This is another old write up, but this is more of a discussion piece. At the end I have included a response from an engineer friend of mine (who is way smarter than I). In the end we figured it probably doesn't matter enough for anyone to ever notice, but it's still an interesting topic to discuss over pints.

Let’s take a quick look at the BOV (Blow Off Valve) and what it does for you and your car.

First, a quick history lesson.
Q. Where did the BOV come from, who could possibly have made something that sounds so cool?
A. Porsche, Duh. Developed for there race cars (early 80's i believe) it was patented as a Pop Off Valve. You may still hear some old timers refer to it as such.

There, now you have learned something today, and can wow your drunken friends at the bar.

Ok, let’s take a look at what this little gizmo does.
The BOV releases the pressurized air from the intake pipes when you lift your foot off the throttle; either to shift, or just to hear the cool sound.

Now, why do we need to do this? To taunt others in to racing? Just because it sounds cool? Possibly, who knows with those Germans, those may have been underlying reasons. Actually the intended purpose was for performance.

When you lift your foot the throttle plate closes, and that air bounces off the throttle plate and makes it way back towards the turbo. When that air gets back to the turbo it will try to spin it backwards (compressor surge).
Now when you reopen the throttle the turbo has been slowed, or even stalled, and needs to be reaccelerated. With a BOV in place, this air would never make its way back to the turbo, and the turbo would be able to continue spinning freely. Now when you get back on the throttle your turbo is still spinning from before, and will spool more quickly.

Lets take a look at BOV placement.
Some will argue that it should be near the throttle body, others say closer to the turbo.
Well, lets look where Porsche put it on their race cars.
Porsche made the BOV part of the compressor housing, and redirected the compressed air to the turbo inlet. Pretty slick, huh?
I am from the close to the turbo camp, and i will explain why.
1. The air doesn’t just bounce back off of the throttle plate, there are sharp bends in the pipe, and a giant obstruction called an intercooler in the way.
2. By placing it near the turbo you vent only the air that has made it back to the turbo, leaving the rest of the pipe with some pressurized air still in it.
3. Having the BOV after the intercooler vents air the ic has already cooled. Kind of a waste, dont ya think?

Placing the BOV near the throttle body seems to be out of ease. Just like the boost pressure reference nipple being on the turbo housing. (We all know pressure in the housing is not the pressure in the manifold) Maybe was just easier to assemble/work on, anor possibly less costly that way.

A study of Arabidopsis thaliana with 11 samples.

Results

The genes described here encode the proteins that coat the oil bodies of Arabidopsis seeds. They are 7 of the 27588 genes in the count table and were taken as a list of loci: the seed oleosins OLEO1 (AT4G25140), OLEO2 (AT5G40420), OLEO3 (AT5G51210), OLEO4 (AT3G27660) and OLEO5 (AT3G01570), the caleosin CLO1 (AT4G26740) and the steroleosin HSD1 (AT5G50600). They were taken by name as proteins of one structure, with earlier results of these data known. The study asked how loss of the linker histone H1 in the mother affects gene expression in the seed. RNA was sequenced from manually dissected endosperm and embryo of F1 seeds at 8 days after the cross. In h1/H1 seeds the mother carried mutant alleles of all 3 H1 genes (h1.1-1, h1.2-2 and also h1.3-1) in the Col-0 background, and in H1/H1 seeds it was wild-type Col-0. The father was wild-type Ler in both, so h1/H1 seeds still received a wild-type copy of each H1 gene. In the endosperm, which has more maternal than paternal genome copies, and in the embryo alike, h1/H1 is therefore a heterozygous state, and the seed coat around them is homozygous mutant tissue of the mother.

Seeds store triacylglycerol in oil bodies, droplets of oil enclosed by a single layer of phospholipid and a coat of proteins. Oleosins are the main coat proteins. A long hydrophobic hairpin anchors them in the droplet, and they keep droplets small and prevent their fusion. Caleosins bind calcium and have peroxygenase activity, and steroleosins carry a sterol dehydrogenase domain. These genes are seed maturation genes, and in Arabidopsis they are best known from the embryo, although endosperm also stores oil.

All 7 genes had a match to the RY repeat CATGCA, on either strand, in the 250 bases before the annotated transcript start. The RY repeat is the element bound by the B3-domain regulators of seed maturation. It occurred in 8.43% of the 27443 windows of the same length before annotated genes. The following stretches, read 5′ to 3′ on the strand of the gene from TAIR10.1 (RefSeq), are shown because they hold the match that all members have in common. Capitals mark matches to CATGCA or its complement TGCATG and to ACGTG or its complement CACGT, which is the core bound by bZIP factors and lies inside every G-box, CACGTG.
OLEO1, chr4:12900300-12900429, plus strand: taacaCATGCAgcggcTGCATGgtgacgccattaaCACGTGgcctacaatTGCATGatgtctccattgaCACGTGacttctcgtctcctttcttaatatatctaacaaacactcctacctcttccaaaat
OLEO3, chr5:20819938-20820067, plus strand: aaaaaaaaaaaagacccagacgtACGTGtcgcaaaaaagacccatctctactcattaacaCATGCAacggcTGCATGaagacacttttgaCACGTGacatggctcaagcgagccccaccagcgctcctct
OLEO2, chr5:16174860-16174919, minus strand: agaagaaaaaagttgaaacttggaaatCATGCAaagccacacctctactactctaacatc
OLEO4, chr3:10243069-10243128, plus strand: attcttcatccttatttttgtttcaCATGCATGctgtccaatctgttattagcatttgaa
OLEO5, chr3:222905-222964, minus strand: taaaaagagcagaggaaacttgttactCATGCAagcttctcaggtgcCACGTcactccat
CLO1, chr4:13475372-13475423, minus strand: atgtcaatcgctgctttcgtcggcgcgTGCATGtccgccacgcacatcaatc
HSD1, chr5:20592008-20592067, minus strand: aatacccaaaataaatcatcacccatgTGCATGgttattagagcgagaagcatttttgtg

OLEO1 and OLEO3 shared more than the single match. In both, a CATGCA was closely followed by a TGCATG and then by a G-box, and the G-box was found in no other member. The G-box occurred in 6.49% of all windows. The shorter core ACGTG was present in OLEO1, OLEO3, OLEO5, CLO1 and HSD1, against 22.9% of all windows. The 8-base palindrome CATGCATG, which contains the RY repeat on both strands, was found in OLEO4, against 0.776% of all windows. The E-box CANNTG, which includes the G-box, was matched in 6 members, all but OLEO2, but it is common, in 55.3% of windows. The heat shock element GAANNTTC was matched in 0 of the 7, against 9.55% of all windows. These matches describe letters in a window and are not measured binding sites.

Response from Newman

I still disagree with placing it at the turbo. At least in the theoretical sense.

When you open the BOV, it doesn't just vent the air at the turbo, it also opens the charge pipe and intercooler up to atmosphere (there isn't some magic valve keeping the charge pipe pressurized), so the air in those pipes reverses direction, then when the BOV closes and you begin to recharge the pipe, it has to reverse direction again. This requires more energy than:

If the BOV is near the throttle body, the majority of the air continues to move in the same direction.

However, in the REAL world, it's probably splitting hairs.
 



they dont listen





"IT NEEDS TO BE NEAR THE THROTTLE BODY OR ELSE THE BOOST WILL BREAK YOUR THROTTLE PLATE!!!" hahaha
 

 


I think If you have it close to the TB, the extra pressure would vent at that spot but the air would keep its momentum from the turbo and throughout the pipes. After the air is vent this would cause the lower air pressure to be closer to the TB which would help the movement of the high pressure from turbo side to torwards the TB and it would "re-pressurize" the pipes faster. We all know that rule of physics.

If you have it close to the turbo the pressure that rebounds off the plate would need to make its way all the way back past the IC and almost to the turbo loosing all its momentum towards the intake and having to re-pressurize more area and reverse direction.
 


I ask becasue they obviously like the closer to the turbo option.
 

 


Also, show me these Porsche race cars with BOVs. Ive seen several turbo Porsche racecars, never seen a BOV on any of them. The same goes for 90% of other, real purpose built racecars.
 


owned, lol Thanks dude.



There no neat red circles.
 


Also, show me these Porsche race cars with BOVs. Ive seen several turbo Porsche racecars, never seen a BOV on any of them. The same goes for 90% of other, real purpose built racecars.
keeping the compressor speed up during throttle closed applications does something!
 


in the real world people need to slow down, and then speed back up very quickly.

the throttle doesnt even need to be fully closed to make vac in the IM
 

It doesnt need to be anywhere because it doesnt do shit other than eliminate noise.
Porshe developed it to stop the compressor from stalling between shifts.

It doesnt need to be anywhere because it doesnt do
Also, show me these Porsche race cars with BOVs. Ive seen several turbo Porsche racecars, never seen a BOV on any of them. The same goes for 90% of other, real purpose built racecars.
It was used in the 70's and trickled over to production in 79 on the 924. They would have looked like this on the production cars


Anywho, I think in the end Newman and I agreed that mounting it to the cold side intercooler tank made the most sense.